Indiana legislative leaders say they expect new policies prohibiting sexual harassment by lawmakers will be in place for their upcoming session.
Proposed policies for the House and Senate were advanced Tuesday by leaders, although they said ethics committees for each chamber could tighten them up before legislators consider their adoption in January.
The draft policy expressly forbids unwanted sexual advances, but some experts say it falls short in not prohibiting what could be consensual affairs between lawmakers and employees or interns.
Republican Senate President Pro Tem Rodric Bray said the committee of four female legislators that prepared the draft only dealt with sexual harassment issues because that was the direction made in a bill adopted by lawmakers during the 2018 session.
“We already have — and probably need perhaps make them more robust — some restrictions … about relationships between a senator and an intern, for example,” Bray told reporters Tuesday. “That sort of thing, of course, is verboten.”
Indiana lawmakers haven’t been covered by a specific sexual harassment policy, although current ethics policies require them to act with “high moral and ethical standards.” The move to adopt a policy came after a wave of sexual misconduct allegations against powerful men in public office, Hollywood and the media, igniting the #MeToo movement.
Jennifer Drobac, an Indiana University law professor who studies sexual harassment policies, criticized the proposal for prohibiting ethics committee members or legislative leaders from participating in an investigation if they are the subject of the complaint — but not if they are friends with the accused harasser.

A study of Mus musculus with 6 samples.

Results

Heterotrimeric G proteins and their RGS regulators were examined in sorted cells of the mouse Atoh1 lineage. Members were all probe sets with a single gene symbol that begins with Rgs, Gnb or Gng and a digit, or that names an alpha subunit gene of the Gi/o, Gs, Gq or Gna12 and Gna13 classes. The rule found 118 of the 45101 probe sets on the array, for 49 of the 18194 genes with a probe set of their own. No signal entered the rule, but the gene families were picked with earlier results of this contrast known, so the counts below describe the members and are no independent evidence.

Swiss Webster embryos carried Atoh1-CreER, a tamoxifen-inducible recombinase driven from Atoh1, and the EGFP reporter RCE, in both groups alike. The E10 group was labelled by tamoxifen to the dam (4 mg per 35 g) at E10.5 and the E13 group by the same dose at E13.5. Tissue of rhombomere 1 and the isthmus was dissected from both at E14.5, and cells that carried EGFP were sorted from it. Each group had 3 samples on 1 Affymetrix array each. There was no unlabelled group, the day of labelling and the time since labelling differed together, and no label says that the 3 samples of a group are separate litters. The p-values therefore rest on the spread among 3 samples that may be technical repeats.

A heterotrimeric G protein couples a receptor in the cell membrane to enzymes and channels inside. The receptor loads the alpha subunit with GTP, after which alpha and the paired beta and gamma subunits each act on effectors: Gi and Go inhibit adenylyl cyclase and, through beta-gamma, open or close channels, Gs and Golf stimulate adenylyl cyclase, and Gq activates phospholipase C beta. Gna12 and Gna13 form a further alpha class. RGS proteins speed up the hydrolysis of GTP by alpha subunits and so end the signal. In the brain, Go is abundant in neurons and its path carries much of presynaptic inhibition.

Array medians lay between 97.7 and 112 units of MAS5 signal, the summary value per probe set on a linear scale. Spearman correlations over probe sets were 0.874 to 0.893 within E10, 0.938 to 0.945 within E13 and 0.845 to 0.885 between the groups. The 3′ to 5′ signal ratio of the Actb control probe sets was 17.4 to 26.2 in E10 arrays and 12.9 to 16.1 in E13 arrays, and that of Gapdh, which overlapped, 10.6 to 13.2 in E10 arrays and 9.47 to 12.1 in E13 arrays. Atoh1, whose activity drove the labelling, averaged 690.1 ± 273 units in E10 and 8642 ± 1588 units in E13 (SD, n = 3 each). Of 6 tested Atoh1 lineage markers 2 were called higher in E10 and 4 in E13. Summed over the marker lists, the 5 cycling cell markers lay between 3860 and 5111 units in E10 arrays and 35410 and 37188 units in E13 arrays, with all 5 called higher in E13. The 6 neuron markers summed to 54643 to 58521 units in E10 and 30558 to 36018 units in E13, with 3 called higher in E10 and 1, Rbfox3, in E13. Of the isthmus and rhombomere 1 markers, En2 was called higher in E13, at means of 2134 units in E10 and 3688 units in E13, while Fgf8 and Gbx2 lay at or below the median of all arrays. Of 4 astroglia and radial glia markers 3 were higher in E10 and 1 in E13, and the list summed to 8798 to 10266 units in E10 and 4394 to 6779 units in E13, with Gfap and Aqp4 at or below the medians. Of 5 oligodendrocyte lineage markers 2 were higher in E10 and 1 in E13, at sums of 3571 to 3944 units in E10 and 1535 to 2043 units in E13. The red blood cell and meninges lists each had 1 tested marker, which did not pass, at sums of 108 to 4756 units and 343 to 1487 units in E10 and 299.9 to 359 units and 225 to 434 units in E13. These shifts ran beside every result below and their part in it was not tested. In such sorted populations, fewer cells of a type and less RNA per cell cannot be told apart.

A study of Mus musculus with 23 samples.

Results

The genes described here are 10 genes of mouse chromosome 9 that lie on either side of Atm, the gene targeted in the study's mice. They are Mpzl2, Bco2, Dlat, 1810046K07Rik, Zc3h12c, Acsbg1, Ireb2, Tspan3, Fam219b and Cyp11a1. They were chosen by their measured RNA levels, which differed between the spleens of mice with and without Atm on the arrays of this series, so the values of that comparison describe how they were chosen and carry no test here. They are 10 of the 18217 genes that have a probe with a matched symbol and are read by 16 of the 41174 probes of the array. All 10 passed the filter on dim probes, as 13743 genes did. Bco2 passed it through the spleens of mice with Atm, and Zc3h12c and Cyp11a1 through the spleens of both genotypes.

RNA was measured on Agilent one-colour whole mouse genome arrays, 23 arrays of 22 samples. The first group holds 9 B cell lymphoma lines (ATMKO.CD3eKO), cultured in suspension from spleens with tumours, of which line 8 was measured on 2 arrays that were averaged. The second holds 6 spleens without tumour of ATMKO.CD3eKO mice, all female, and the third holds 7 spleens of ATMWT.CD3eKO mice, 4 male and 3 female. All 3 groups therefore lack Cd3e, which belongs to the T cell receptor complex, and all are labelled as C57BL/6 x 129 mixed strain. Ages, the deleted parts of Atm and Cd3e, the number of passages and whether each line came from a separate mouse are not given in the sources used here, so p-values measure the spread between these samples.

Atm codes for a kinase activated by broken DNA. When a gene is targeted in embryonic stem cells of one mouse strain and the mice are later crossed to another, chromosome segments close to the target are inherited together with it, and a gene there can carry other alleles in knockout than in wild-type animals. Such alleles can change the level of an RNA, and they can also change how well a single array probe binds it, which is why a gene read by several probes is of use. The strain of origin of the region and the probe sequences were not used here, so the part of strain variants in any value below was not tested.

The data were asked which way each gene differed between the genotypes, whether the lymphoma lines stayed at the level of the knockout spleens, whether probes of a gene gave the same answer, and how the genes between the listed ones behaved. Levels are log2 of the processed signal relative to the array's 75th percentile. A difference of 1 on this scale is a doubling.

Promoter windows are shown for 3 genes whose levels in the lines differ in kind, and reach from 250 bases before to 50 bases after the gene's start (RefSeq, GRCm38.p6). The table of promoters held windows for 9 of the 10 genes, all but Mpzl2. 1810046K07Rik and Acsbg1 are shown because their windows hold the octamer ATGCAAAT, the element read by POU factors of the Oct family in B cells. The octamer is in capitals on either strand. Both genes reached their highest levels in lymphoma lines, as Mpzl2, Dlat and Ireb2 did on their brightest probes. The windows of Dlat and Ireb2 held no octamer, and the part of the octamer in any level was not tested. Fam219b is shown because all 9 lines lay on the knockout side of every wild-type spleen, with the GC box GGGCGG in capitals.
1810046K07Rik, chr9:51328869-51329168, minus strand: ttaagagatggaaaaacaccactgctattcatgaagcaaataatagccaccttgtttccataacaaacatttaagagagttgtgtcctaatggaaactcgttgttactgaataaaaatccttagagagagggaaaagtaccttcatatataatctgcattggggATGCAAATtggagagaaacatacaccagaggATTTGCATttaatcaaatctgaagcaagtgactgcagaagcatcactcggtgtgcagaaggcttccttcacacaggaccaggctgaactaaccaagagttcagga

“The report is shockingly dated — very 20th century in its approach,” Drobac told The Indianapolis Star.
The policy, however, would not cover situations such as the allegations that Republican Attorney General Curtis Hill drunkenly groped a lawmaker and three legislative staffers during a party at an Indianapolis bar in March. That’s because Hill, who has denied any misconduct, is a separately elected official in the state’s executive branch.
Republican House Speaker Brian Bosma voted Tuesday in favor of advancing the draft policy despite facing allegations from a former legislative intern that they had a 1992 sexual fling while he was a House member. Bosma has denied the allegation and the woman’s claims that he tried to intimidate her with a campaign-funded investigation by a private attorney this year in order to keep her quiet.
Bosma said this week that he didn’t participate in developing the policy, but that some changes might be needed in response to criticism.